I have the honour to speak on behalf of the five Nordic countries: Finland, Iceland, Sweden, Denmark, and my own country, Norway.
It is now 10 years since the issue of criminal accountability of UN experts and officials was first put on the agenda of the Sixth Committee. The importance of the issue has not diminished during those 10 years. It is now paramount that both the UN and its Member States display a zero tolerance policy for crimes committed by UN staff and experts on mission.
As an organisation, the UN has taken important and timely steps during the past two years. In particular, we would like to highlight the establishment this year of the Office of the Special Coordinator on improving the United Nations’ response to sexual exploitation and abuse. We commend the UN for this development, which will support the ongoing efforts of the Secretary-General to strengthen the UN’s response to sexual exploitation and abuse. But there is still a long way ahead before the UN has fully implemented a zero tolerance policy.
However, we must be clear about where the primary responsibility for addressing this issue lies: with the national jurisdictions of contributing countries. States must ensure or establish jurisdiction for serious crimes committed by their nationals serving as UN officials or experts on mission. In this respect, we encourage all Member States to submit relevant information to the Secretariat on the status of their domestic laws on this matter, in accordance with paragraphs 22 and 23 of resolution 70/114.
Cooperation between the UN and contributing countries is crucial for achieving improvements in this field. Training and awareness-raising are key to building and upholding a culture whereby impunity for crimes committed on mission for the UN is unacceptable, and where individuals are encouraged by the organisation to report alleged crimes. However, Member States must also have national legislation in place to enable them to investigate crimes and prosecute perpetrators. The General Assembly has urged Member States and relevant international organisations to provide technical and other appropriate assistance in developing legal measures to Member States requesting such support.
However, to provide an incentive for Member States to make the necessary legislative amendments, additional measures should be considered.
The Nordic countries would therefore like to suggest the development of a policy on minimal requirements for states that contribute officials and experts to UN missions. An essential requirement should be that all contributing countries have relevant jurisdiction in place in order to be able to investigate and prosecute potential crimes committed by their personnel when serving abroad. The Nordic countries also remain ready to consider a proposal for a comprehensive international legal framework to ensure that criminal conduct is addressed.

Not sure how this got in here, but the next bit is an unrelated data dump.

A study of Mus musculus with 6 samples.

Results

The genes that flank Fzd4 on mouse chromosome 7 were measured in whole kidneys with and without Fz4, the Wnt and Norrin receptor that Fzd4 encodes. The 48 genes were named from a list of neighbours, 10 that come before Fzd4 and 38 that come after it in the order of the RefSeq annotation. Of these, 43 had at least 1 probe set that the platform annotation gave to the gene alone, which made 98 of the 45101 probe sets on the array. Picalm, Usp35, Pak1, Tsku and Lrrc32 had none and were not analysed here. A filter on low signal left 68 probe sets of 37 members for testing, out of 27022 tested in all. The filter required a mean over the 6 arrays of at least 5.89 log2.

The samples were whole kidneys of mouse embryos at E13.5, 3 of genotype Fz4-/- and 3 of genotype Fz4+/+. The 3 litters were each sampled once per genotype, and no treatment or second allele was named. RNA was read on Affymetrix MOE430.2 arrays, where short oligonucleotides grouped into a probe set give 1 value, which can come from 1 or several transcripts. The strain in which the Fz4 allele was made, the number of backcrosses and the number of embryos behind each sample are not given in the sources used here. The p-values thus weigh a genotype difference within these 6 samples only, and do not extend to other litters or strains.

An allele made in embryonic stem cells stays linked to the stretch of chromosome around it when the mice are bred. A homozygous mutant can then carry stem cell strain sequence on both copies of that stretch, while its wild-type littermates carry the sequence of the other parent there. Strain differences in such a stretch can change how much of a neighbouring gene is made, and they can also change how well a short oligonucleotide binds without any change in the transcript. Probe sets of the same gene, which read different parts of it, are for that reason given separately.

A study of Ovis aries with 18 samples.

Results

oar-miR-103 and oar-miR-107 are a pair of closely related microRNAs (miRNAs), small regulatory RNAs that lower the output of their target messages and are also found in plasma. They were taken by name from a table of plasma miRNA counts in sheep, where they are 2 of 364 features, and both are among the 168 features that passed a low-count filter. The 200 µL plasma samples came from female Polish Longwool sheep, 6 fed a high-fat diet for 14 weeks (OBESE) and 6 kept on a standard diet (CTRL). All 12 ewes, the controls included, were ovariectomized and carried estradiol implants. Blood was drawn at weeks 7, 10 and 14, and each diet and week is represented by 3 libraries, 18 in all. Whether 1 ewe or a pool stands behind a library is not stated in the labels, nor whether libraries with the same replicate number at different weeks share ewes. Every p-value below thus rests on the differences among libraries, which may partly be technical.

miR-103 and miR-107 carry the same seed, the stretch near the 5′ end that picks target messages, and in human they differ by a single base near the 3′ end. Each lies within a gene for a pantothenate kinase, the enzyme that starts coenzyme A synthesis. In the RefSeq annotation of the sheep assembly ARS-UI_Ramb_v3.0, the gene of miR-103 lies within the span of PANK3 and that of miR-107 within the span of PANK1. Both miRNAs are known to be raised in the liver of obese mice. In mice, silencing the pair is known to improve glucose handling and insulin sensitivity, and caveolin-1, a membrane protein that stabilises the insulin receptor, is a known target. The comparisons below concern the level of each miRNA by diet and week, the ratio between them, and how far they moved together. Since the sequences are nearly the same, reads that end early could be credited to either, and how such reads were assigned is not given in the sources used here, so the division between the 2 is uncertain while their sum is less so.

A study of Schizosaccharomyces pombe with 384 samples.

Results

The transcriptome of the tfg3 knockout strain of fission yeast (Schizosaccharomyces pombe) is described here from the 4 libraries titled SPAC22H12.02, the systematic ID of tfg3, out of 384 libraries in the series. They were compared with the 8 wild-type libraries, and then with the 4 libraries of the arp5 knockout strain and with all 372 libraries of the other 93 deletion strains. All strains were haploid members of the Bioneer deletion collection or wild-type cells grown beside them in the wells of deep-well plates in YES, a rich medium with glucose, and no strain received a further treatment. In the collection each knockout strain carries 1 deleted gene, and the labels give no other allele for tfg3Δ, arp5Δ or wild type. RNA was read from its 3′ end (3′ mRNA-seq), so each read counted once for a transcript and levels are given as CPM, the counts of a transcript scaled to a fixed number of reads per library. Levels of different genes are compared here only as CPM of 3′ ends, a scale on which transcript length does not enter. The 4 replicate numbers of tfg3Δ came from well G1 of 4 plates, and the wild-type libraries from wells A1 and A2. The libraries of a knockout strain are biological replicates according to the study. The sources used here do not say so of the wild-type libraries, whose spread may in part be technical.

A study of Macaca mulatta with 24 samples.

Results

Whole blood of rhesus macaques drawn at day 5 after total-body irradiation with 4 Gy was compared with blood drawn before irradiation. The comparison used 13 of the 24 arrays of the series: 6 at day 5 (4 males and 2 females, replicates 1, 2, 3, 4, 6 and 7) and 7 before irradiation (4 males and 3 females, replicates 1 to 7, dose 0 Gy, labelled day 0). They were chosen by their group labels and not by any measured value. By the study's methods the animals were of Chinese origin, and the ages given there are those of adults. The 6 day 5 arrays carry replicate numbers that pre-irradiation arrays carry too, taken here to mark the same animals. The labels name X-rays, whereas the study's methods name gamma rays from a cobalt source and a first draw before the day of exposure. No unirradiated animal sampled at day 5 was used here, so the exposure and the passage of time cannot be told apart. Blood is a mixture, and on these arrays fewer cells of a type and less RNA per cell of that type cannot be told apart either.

We thank the Secretary-General for the informative report that has been submitted under this agenda item (A/71/167). This year, the Secretary-General’s report contained an overview of cases referred to Member States since 1 July 2007, including information received from Member States on their follow-up of cases.
The report shows that of the 89 cases referred to Member States, States have only provided information to the Secretary-General on their follow-up in their national jurisdictions in 16 instances. This illustrates a general tendency over the past nine years not to handle these cases adequately. However, the Nordic countries consider the lack of feedback during the most recent reporting period, 2015-2016, to be an even greater cause for concern. Of the 18 referred cases, including instances of alleged corruption or fraud, sexual abuse of adults, sexual exploitation and abuse of a minor, theft, entitlement fraud and physical assault, feedback from the State in question was only provided in one instance. This is wholly unacceptable.
Currently, the wording of the resolution precludes the inclusion in the report of information concerning which Members States have – and even more importantly, which Member States have not – provided any feedback to the Secretary-General on the follow-up of cases.
We therefore call for the wording of the resolution to be amended so that this information can be included. Ensuring accountability for those who commit crimes while serving as UN experts and officials is important. The very credibility of the UN is at stake. We cannot accept anything less than full transparency regarding Member States’ willingness and ability to hold their own nationals accountable for crimes committed while in service for the UN.
Finally, the Nordic countries underline that all Member States must uphold the principles of due process and rule of law while investigating and prosecuting cases within this segment. It is equally important to ensure the effective protection of victims, witnesses and whistle-blowers.